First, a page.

Twitter worth more than Macy's and Family Dollar combined as stock surges

Jeff Macke

Social Media advertising works. It's an explosive growth medium whether you put the ads on smartphones, tablets or phablets. On that point there can be no debate, not after what we've heard from the two social titans this week. We expect great growth from Facebook (FB) but when it's weak little brother Twitter (TWTR) comes up with a quarter of a billion in mobile ad revenue it's clear that a sea change has taken place.

The existence of social media as an ad platform business model has been justified but whether or not those ads sell anything other than more advertising somewhat in doubt. Last night Facebook quietly announced that it would be shutting down its Facebook Gifts initiative. The business was really an afterthought for Zuckerberg and Co. It started with large ambitions but by the end was simply a largely forgotten spot where customers could buy gift cards to places like Starbucks and iTunes.

Related: Facebook soars as Zuckerberg’s cash-machine kicks into gear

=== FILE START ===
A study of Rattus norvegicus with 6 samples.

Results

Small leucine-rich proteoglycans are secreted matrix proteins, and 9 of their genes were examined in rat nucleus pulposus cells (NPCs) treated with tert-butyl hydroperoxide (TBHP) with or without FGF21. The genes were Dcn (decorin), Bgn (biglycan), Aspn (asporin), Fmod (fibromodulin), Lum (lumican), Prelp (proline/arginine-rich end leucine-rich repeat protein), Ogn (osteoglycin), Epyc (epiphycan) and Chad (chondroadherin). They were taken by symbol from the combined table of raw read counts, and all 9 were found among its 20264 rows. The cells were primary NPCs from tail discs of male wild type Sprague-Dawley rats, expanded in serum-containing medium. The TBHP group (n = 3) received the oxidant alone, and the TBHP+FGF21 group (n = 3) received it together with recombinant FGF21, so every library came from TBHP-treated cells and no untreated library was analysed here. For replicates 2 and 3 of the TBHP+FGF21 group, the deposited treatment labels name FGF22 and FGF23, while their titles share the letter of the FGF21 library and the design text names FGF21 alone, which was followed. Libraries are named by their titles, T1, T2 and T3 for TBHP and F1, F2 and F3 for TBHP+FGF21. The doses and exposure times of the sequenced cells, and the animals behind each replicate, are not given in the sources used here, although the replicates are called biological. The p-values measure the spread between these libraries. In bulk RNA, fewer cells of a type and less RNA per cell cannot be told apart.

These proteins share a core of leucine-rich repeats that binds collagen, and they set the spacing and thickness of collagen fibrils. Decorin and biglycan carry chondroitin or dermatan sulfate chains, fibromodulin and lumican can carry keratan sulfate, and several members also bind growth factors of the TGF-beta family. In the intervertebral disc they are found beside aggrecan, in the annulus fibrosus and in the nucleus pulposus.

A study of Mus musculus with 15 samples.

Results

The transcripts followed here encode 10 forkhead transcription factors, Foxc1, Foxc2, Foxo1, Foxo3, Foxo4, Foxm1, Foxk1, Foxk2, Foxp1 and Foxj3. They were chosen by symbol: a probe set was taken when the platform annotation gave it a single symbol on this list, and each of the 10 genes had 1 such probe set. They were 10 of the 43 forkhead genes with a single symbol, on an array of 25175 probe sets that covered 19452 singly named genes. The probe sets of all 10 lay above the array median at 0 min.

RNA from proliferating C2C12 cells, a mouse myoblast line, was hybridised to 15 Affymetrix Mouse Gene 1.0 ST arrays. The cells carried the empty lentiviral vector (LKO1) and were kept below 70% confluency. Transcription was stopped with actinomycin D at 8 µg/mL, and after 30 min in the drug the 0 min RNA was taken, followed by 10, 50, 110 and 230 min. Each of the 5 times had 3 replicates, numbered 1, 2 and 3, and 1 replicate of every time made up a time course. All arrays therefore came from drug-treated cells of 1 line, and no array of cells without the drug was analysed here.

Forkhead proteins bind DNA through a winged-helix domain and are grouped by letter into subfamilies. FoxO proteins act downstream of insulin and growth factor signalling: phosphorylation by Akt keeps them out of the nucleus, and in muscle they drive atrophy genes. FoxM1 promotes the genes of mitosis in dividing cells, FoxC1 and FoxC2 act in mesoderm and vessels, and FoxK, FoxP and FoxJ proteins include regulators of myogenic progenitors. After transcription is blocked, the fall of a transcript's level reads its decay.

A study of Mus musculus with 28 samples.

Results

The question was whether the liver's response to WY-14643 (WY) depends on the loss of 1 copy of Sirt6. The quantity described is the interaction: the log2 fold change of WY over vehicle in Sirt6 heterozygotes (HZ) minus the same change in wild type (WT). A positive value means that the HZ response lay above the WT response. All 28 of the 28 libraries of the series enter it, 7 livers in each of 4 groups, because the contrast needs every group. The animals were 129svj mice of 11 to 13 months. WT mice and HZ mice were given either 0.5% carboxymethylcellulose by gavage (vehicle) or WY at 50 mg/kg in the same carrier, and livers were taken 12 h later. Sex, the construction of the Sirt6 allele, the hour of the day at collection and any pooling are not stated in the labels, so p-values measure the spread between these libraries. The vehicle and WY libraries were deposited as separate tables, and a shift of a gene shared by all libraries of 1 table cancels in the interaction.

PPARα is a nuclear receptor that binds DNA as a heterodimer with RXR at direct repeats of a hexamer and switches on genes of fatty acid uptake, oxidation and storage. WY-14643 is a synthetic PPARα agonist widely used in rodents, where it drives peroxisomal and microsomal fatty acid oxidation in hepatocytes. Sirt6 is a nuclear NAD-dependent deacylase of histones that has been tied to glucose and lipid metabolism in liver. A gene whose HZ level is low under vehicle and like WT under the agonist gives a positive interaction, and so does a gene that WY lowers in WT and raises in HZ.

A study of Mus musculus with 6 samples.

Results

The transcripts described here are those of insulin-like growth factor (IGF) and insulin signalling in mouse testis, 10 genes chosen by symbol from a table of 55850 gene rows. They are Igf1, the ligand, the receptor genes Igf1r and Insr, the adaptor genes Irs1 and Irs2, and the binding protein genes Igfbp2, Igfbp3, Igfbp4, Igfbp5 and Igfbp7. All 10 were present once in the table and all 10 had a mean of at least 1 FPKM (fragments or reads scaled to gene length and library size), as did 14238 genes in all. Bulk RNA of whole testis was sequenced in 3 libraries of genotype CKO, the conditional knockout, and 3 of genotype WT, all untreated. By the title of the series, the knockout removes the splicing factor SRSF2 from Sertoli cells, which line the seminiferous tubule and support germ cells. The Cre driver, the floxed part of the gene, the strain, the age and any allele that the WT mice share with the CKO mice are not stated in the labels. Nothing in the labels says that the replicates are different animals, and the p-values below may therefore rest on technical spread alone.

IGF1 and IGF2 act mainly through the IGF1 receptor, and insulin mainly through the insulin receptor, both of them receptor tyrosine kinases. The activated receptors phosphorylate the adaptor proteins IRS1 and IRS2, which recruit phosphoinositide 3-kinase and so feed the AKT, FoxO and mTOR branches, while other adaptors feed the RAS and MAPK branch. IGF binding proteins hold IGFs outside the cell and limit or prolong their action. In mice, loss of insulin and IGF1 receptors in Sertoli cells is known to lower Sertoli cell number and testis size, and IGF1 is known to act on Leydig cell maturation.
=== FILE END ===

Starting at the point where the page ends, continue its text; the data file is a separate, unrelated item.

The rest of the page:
Facebook and Twitter are both going in the direction of payments and allowing users to buy from advertisers using one-click. That's smart for two reasons. First: it's a sign that both companies are maturing. Second, and this is the point, it's much easier to sell ads than it is to sell tangible products. Much has been made of the fact that Facebook's market cap is bigger than that of Coke (KO) and IBM (IBM). With this morning's gain Twitter will be worth more than Macy's (M) and Family Dollar (FDO) combined.

Maybe those valuations are out of whack thanks to a certain... euphoria... surrounding social media stocks. Then again, it's easy to make the argument that making promises and ads is a much higher-margin business than trying to sell tangible products to living, breathing humans.

The truth is somewhere in the middle, of course. Just keep the financial disconnect between the economics of ads and commerce in mind the next time the stock market experts suddenly cropping up at every cocktail party and Fed testimony in the world start throwing around words like bubble.